Thumb drives (or flash or USB drives) are mini storage units for documents, pictures or other files. They are small and portable, making them a convenient storage option. Thumb drives have become so popular and commonplace that they are often given away as promotional items. Despite their popularity, you must be very careful about where and how you use your USB drive. Using that free promotional USB may not always be a good idea.
Just like how a cough into the hand can spread infection amongst people, USB storage devices carelessly plugged into other systems can wreak havoc on the health of your computer. Malware programs are viruses that can be spread across computer systems. USB thumb drives can pick up the virus from an infected device or computer and then infect the next device they are plugged into. Common types of infectious data are worms, Trojan horses, rootkits, spyware and spam. These programs exploit vulnerability on the drive, run hidden programs and infect the operating system. A new form of malware called BadUSB operates from the controller chips inside the USB drive. It makes the USB drive look like something else (like a keyboard) and then uses that opportunity to take control of the computer, extract infiltrated data or spy on the user.
Malware is transferred using the AutoRun feature of a USB. When a USB thumb drive is plugged into a device, a program called AutoRun is triggered to automatically run detection of the device and activate the folder for browsing. Once AutoRun is initiated, the device into which the USB is plugged becomes infected by the malware program and can cause damage or data loss.
Because the transmission of malware is so dangerous, it is helpful to know that there are precautions you can take to prevent a damaging exchange:
- Find out if a thumb drive is necessary at work. Companies can keep track of whenever USB thumb drives are used and can test untrusted drives. Some companies may not even allow them because of the risks. Keep personal and work thumb drives separate.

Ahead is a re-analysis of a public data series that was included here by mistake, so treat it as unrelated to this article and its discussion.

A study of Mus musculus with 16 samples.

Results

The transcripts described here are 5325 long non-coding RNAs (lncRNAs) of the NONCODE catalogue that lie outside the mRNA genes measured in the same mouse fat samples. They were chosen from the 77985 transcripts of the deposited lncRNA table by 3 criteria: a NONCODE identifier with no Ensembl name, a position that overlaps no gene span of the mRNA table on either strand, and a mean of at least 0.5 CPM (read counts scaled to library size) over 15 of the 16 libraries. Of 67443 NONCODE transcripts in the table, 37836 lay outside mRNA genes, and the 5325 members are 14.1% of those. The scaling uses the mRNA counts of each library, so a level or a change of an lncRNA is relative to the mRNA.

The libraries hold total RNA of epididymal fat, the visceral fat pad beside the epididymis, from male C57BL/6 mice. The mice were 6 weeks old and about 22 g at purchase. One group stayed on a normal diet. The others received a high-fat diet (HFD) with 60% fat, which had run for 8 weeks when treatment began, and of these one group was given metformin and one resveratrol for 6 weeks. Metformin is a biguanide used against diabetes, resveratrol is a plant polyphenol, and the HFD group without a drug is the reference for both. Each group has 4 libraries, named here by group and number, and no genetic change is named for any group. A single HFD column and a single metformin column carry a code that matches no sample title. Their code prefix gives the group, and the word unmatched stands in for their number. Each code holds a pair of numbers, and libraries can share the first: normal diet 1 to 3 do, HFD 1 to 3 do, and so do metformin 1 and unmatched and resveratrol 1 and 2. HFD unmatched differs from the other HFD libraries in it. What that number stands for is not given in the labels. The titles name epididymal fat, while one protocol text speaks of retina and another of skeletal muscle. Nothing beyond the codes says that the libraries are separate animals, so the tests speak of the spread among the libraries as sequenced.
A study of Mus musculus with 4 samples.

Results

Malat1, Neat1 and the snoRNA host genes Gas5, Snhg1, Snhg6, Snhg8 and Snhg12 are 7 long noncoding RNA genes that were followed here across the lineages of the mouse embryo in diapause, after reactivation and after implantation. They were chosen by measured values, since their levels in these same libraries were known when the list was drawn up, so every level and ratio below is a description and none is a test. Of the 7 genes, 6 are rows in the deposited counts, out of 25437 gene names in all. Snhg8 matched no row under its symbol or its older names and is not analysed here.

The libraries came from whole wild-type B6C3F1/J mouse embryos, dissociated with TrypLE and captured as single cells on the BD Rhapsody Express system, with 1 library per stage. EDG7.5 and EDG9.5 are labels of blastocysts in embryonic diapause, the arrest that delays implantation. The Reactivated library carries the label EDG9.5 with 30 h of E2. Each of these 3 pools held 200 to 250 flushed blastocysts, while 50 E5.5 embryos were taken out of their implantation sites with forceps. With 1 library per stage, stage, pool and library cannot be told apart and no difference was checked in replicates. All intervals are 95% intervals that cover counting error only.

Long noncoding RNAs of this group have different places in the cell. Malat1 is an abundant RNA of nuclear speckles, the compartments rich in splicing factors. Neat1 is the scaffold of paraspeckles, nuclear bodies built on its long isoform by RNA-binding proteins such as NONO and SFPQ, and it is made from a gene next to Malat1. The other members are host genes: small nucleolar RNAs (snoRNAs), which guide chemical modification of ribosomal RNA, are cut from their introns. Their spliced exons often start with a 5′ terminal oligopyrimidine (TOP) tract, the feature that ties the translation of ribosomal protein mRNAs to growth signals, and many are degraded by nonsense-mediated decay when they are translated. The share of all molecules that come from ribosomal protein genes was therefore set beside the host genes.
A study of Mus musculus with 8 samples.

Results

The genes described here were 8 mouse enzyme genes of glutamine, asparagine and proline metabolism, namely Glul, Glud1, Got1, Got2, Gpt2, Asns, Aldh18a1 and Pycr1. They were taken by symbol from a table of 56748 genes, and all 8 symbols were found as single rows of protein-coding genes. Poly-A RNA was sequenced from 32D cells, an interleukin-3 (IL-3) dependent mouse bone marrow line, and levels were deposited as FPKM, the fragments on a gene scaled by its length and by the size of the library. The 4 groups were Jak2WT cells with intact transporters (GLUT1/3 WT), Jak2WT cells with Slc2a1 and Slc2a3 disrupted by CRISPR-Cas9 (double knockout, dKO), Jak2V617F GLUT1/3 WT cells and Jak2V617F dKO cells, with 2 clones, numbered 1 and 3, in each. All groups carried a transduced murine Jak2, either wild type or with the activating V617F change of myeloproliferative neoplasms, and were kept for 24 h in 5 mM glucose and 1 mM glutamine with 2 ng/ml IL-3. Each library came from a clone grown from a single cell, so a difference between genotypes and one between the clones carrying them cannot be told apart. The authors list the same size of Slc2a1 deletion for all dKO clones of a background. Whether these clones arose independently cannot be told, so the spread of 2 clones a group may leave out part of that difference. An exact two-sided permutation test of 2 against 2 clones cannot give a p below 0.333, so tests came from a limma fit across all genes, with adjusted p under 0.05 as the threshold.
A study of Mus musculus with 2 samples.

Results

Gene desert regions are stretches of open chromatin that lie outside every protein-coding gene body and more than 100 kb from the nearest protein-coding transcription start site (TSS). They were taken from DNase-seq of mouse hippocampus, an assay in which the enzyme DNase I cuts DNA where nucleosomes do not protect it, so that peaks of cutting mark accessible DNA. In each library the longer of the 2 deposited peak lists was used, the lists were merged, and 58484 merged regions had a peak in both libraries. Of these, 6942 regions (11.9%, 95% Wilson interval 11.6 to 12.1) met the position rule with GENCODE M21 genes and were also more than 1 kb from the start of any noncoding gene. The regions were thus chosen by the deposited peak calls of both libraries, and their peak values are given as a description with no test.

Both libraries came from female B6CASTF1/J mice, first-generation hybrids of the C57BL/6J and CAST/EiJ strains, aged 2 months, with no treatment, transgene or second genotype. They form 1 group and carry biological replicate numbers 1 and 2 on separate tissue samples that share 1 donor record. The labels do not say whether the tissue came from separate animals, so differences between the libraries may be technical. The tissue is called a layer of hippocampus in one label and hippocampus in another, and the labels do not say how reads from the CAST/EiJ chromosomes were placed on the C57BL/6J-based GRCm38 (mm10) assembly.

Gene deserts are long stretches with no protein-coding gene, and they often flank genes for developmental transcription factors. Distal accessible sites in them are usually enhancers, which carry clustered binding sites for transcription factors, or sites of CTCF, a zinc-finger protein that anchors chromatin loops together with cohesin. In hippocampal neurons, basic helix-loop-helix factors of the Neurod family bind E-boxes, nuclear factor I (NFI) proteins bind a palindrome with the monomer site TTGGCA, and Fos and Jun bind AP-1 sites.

- Do not use personal USB thumb drives on public computers like at work, a coffee shop, airport, hotel or library.
- Buy your own USB thumb drives. If you can, select one with hardware encryption. Encryption offers additional protection against firmware-based attacks like BadUSB. Malware can still be picked up on them, however.
- Run a firewall and update your virus detection software. Firewalls protect your computer from outside malicious or unnecessary traffic. Combine the firewall with anti-virus protection to also protect against malware. Avoid free online software that offers protection. There may be hidden viruses waiting to infiltrate your system.
- Disable the AutoRun feature of the USB thumb drive. When you disable AutoRun, you block programs from automatically downloading without you opting to.
In summary, thumb drives can be a dangerous, contagious ways to communicate electronically. If you use them, practice precautions. Do not mix and match them between home and public computers as this increases the risk of malware infection, and add in a firewall and anti-virus software to increase your protection. And for all of your network security needs, contact CMIT Solutions of Centreville. We’re here to worry about your IT concerns so you don’t have to.
CMIT Solutions of Northern Virginia provides a strategic approach to IT consulting that improves performance of your business technology in the most cost-effective way possible. Assisting businesses in Centreville, Chantilly, Dulles, Gainesville, Manassas and Haymarket, we can help you achieve the fastest return on your technology investment. Call 703-881-7738 today to see how we can help your business stay in business.